Equanimity (平常心) was introduced to the class today. With equanimity, there should be neither craving for pleasant things nor aversion for unpleasant things. Of course we could enjoy all the pleasure and luxuries in this world, just keep in mind that everything is impermanent, so when these pleasure things leave you one day, don’t crave for its return. It has never guaranteed to be there with you forever in the first place.
And Vipassana provides an opportunity for the meditator to experience anicca (無常, impermanent) and practice equanimity.
Today, another term was introduced to the class – Adhitthana, confirmed determination that wouldn’t be shaken under any circumstances. And the class was asked to practice Adhitthana during meditation. This meant no scratching faces or stretching legs. This was difficult, especially during the beginning of my practice. There were several times that my legs got so numb that I couldn’t even feel my legs anymore. I almost questioned if I had actually got into one of those very advanced stage of meditation, where the meditator experienced anatta (無我), and couldn’t feel her body, as if her body parts had disappeared. (I couldn’t feel my legs, so I just wondered…:P)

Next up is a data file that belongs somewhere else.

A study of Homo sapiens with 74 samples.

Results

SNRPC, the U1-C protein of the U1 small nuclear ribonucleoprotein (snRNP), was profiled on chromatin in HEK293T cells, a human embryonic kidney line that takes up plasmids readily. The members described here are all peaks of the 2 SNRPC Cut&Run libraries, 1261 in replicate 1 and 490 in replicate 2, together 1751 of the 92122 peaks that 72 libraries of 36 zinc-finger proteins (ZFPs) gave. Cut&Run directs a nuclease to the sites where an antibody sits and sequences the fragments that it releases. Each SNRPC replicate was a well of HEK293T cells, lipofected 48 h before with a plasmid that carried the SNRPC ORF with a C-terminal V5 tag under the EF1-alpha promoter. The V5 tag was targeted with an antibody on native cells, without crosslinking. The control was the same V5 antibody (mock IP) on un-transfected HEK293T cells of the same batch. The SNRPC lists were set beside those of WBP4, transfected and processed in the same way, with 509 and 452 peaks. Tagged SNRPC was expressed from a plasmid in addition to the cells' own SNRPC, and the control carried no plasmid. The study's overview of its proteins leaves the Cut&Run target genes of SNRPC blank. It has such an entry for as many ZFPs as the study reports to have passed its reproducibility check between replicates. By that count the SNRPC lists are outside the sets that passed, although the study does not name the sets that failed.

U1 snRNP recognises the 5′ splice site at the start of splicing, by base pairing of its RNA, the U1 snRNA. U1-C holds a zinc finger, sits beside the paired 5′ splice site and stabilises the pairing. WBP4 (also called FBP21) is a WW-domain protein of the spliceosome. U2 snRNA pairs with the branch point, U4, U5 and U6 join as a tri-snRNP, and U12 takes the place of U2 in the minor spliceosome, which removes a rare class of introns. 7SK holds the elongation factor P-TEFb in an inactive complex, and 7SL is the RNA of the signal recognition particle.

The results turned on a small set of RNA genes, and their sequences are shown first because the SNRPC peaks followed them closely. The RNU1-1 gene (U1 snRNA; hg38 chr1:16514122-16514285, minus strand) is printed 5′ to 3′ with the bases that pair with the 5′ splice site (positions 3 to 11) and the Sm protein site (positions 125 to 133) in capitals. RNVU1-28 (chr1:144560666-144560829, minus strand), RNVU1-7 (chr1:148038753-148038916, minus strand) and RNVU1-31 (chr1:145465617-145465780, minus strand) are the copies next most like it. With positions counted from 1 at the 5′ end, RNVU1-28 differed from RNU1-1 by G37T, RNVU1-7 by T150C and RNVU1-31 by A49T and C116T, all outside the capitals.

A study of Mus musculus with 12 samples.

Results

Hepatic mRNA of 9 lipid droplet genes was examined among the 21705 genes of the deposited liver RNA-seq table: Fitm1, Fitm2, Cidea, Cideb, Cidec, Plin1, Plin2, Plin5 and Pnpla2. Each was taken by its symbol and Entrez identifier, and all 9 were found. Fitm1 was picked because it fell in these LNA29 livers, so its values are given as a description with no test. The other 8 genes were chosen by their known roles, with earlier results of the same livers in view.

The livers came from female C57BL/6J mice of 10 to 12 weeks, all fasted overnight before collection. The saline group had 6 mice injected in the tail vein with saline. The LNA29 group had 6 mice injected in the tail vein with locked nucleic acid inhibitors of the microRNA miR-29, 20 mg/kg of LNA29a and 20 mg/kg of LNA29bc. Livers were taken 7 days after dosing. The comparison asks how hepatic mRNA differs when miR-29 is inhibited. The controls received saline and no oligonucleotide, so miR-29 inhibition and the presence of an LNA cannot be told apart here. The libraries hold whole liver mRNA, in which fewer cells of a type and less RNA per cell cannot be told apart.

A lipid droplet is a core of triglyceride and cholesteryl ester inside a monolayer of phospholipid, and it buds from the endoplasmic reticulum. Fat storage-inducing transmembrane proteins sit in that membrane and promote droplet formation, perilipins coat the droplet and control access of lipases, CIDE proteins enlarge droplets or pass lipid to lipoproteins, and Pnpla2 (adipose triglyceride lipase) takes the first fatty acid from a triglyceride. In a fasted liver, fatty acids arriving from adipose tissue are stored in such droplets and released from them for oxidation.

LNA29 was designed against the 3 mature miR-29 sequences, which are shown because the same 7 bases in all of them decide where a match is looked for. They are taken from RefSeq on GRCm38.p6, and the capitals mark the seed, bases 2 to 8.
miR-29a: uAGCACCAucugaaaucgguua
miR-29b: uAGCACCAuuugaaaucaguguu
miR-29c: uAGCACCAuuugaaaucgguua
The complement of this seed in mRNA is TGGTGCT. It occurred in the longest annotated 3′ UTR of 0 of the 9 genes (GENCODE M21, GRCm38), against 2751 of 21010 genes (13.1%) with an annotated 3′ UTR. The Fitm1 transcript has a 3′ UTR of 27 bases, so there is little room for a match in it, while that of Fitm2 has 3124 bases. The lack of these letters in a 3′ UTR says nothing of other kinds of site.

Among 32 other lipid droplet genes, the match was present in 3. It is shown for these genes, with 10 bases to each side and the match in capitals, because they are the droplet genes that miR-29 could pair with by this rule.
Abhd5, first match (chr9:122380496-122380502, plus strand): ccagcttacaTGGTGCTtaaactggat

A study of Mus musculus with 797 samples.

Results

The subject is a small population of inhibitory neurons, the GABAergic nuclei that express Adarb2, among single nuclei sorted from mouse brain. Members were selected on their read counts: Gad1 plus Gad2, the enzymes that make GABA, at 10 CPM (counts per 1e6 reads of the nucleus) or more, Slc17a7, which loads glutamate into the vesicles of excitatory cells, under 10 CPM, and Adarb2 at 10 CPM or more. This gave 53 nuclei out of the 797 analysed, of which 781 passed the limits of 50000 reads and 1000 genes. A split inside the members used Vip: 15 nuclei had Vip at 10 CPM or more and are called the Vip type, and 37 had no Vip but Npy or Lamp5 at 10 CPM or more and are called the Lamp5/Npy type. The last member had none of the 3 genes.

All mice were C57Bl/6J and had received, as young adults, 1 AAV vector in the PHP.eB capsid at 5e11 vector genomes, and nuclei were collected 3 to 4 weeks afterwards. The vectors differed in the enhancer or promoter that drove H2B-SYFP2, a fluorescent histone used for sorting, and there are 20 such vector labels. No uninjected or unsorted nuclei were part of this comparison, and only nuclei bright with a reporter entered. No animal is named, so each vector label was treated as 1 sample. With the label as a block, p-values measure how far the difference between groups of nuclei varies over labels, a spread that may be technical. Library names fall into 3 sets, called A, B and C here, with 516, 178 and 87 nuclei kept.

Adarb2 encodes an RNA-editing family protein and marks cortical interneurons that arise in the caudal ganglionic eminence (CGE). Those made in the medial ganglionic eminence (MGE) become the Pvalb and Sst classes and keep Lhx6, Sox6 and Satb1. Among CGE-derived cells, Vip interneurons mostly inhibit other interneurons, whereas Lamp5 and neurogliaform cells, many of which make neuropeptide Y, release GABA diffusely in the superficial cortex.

Lucky that I sat at the very back of the room, so I would just stretch my legs whenever I couldn’t bare it anymore (yes, must admit that I had no self-discipline, confirmed determination, whatsoever….). But after some practices, I found practicing Adhitthana was actually quite fun. Instead of reacting to my itch or pain right away, I was taught to just observe it, its impermanent nature. The itchy feeling might disappear or the pain might intensify. All I should do was objectively observing it, no thinking, no analyzing. Just be here and now.
I just simply enjoyed experiencing this basic law of nature.